R24 (perhaps all ZOOM machines), are BPMs what they are supposed to be??

All flavors of Zoom MRS gear discussed here, including MRS-8, 1044, 1266, 1608, etc.

Post by MaintConsul » Mon Jan 26, 2015 5:09 pm

Another advantage of the MRS1266 over the R24 was that you could record a master track, then time-stretch it to a faster or slower speed. With the R24 you have to time stretch all tracks, before recording the master track. And there is a story to that as well….
When you record a song in the MRS1266, at a certain BPM (Beats Per Minute), all tracks are at that rhythm. After I converted one song with CodeKiddie's program from DAT to WAV, and assigned the tracks to R24 tracks, I finally decided to try the time stretching on the R24 from 120 to 135 BPM. One positive of the R24 is that it allows to time stretch ALL tracks at once, which is what I selected. To my (naïve?) surprise, I got a message that two tracks would be outside of the limits, would I still like to continue? I did and found that all instrumental tracks had sped up to one speed and all vocal tracks were at another, so the two components were out of synchronisation. I tried it twice more, once doing one track at a time, with the same result. Finally I remembered vaguely that the R24 manual states that it calculates the BPM of a song and that, if the real BPM is different, you need to manually reset it to the correct BPM. I had assumed that this affected the complete song, but on p60 it mentioned “The BPM of each track is automatically calculated when an audio file is assigned to it.” So I went into each track and found that, although all tracks were recorded at 120BPM, the R24 came up with: 128 (2 tracks), 157.8 (2 tracks), 132.1 (2 tracks), 133.8 and 156 BPM. You have to reset them all by using the Track button, then go down to BPM. Empty tracks are always at 120 BPM. In other songs I found a range from 93 to 170BPM.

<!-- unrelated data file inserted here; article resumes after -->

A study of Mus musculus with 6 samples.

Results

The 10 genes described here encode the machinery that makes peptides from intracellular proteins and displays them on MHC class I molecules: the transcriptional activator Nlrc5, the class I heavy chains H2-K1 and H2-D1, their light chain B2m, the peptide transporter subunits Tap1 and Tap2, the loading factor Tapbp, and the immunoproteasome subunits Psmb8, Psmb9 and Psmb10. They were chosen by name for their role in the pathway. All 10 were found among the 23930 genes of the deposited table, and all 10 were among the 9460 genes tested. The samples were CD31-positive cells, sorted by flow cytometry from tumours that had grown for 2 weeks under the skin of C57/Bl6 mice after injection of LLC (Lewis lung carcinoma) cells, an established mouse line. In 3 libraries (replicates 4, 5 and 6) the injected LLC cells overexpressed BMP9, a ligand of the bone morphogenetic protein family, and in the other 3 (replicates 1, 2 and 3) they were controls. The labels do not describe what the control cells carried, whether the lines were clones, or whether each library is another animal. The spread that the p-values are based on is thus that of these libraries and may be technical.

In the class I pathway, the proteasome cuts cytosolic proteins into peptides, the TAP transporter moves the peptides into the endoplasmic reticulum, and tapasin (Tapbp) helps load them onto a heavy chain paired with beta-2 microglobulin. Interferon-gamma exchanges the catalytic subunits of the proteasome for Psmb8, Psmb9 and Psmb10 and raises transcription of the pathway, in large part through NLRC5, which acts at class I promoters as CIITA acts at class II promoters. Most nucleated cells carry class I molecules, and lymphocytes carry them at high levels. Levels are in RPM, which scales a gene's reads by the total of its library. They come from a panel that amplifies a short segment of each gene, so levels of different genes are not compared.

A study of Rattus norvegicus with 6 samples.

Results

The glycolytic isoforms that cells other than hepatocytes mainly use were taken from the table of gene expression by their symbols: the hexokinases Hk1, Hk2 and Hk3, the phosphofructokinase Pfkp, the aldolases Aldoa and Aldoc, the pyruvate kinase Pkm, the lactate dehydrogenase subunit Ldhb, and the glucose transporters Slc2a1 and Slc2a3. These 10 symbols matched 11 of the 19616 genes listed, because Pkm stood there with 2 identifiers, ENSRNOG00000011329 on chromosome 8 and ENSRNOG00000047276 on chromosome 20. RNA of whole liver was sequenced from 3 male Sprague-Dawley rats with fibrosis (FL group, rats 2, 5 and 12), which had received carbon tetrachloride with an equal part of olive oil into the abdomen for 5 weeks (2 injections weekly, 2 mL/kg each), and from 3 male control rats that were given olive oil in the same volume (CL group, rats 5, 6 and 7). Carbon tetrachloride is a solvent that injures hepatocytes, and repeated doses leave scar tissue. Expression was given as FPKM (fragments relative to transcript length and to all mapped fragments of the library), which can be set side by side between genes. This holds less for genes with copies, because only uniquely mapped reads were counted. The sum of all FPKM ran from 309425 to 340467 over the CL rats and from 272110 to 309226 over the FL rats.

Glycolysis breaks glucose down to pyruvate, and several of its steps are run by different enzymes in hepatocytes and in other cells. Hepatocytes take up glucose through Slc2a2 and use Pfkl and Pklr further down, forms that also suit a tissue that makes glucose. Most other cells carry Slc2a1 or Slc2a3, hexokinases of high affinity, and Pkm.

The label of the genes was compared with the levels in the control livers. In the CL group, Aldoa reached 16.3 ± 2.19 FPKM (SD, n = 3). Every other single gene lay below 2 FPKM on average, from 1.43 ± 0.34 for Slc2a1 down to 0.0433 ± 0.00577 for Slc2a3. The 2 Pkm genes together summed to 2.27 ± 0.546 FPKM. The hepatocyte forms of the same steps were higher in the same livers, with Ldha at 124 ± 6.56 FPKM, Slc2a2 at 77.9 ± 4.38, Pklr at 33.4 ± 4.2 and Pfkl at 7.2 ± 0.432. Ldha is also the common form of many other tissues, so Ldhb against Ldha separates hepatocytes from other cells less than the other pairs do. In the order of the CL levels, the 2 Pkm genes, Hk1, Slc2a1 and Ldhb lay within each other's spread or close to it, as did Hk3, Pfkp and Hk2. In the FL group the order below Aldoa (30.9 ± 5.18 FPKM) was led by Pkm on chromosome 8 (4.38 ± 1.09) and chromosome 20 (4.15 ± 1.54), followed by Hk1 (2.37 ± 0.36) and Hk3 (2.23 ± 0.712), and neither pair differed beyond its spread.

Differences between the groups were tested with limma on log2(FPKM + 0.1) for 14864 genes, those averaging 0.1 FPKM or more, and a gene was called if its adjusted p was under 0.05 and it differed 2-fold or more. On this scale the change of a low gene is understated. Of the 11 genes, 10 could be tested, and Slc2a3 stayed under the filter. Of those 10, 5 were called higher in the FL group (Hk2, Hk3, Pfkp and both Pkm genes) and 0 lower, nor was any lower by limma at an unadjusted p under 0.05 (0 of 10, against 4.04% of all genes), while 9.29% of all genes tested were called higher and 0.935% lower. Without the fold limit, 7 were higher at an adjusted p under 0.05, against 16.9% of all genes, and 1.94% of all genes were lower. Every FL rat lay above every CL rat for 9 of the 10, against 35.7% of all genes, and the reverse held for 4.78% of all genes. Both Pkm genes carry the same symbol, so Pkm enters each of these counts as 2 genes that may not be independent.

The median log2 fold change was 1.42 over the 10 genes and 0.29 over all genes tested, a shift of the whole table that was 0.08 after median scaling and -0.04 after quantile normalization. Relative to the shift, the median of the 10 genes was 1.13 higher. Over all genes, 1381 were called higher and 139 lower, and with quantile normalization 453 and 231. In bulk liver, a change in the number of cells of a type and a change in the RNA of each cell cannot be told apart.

Then I found that using the time stretch default value of ‘beat’, results in a sound that has some ‘under-water’ effect in it. A proper time stretch, without any kind of distortion results from changing this to ‘tone’, but the default is ‘beat’.
I thought this was all there was to know, but stranger things happened yesterday. I had a song that I had recorded years ago at 110BPM. Perhaps this was wrong, as I could not get this to match with a drum rhythm on my keyboard. It was in-between 94 and 95. Looking at the BPMs in each track, they varied mostly between 97.7 to 98.1, so I decided to manually set them all to 98 BPM. After this, I time-stretched them all at once to 95BPM, using ‘Tone”. The result was good, until I tried to record a new drum track from my keyboard at 95 BPM, and both rhythms were way out. This time I tried for over 45 minutes to match it to an R24 drum pattern and finally found that ‘95BPM’, that it time stretched to, matched 70.4 actual BPMs. I then set all tracks to 70.4 and time-stretched to 74BPM, and then the R24 finally matched the 74BPM from the keyboard. I do not understand why in the first stretch from 98 to 94BPM, the actual BPMs were over 24BPMs lower than 95, but in the second stretch they matched perfectly. It seems ZOOM uses a multiplier, such as 95/98 = 0.9693877551020408 and apply that to whatever the original BPM was (but that would not have resulted in 70.4!!). So, it seems that you can't trust ZOOM's BPMs as a result of a time stretch and you always need to check the outcome against another, known, BPM source, such as a keyboard.